Customer Service

Power for one, power for all

Access to electricity might be a matter of life or death, national security, or a means to fulfill basic needs such as heating or safe food storage. However, access to electricity can also be fraught with customer concerns over cost, reliability, or environmental impact. Increasingly, utilities’ business decisions — such as conducting public safety power shut offs, selecting a generation mix, or carrying out disconnect policies — are scrutinized for the impact on customers, especially if there is a disproportionate impact on any customer class.

Public power utilities are committed to powering customers through life’s ups and downs. This issue of Public Power Magazine explores utility considerations and programs to serve populations with a variety of needs.

Maintaining a reliable power system is only the first step. Serving each and every customer equally well means that utilities must constantly monitor whether their rates, programs, customer service, and communications are designed to answer a range of needs. As the illustration on the cover conveys, electricity is key to connecting all parts of the community.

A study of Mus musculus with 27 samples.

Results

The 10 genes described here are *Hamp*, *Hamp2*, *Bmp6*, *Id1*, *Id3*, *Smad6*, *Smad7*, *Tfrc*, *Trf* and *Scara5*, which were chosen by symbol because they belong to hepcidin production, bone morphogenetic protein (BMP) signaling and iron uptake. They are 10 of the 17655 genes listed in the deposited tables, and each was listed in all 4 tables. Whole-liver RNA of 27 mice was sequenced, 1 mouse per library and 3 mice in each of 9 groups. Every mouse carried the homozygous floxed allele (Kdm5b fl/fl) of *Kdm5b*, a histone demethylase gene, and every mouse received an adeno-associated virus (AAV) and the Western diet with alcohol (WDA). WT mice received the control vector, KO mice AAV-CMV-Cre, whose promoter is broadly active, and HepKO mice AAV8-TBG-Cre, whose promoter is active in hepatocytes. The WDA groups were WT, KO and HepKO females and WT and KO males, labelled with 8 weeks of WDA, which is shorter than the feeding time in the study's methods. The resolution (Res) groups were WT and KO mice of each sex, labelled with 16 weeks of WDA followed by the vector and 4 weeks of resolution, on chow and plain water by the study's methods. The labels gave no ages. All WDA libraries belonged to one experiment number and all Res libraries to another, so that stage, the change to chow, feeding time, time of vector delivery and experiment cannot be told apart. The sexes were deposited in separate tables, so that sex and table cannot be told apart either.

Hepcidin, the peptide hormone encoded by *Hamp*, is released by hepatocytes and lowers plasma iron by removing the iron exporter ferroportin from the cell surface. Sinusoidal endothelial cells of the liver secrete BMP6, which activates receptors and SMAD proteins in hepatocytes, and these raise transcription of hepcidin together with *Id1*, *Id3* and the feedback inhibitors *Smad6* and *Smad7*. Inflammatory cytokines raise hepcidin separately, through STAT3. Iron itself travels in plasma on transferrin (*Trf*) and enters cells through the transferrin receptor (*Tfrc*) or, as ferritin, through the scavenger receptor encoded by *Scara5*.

A common theme in the articles in this issue is that improving how we serve certain types of customers improves how we serve all customers. Whether this is by becoming more resilient to serve military customers, redesigning rates or programs to reduce inequities, or improving accessibility of information. Utilities can also empower staff to be more compassionate and judge when a situation necessitates a break in policy.

This focus on community and providing the best possible service to all customers is even more important in the face of an increasingly competitive environment. As the American Public Power Association’s new CEO, Joy Ditto, noted in the Q&A, public power utilities are facing threats in the form of new competitors vying to provide an array of energy-related services to our customers. If we can get ahead of the curve, then public power will be the obvious choice for customers.

Our close and careful attention to serving our entire community well, and being a partner in lifting everyone’s quality of life through access to reliable, affordable, and environmentally responsible electricity, is a core advantage of public power. How we define this advantage and our overall value will change, especially as we continue to see the average bundled rates of cooperative and investor-owned utilities come closer to public power’s rates.

The public power model can be an advantage in serving special populations. This is not only because of the resources we are able to access as public, not-for-profit entities, but because of our strong “community-first” culture.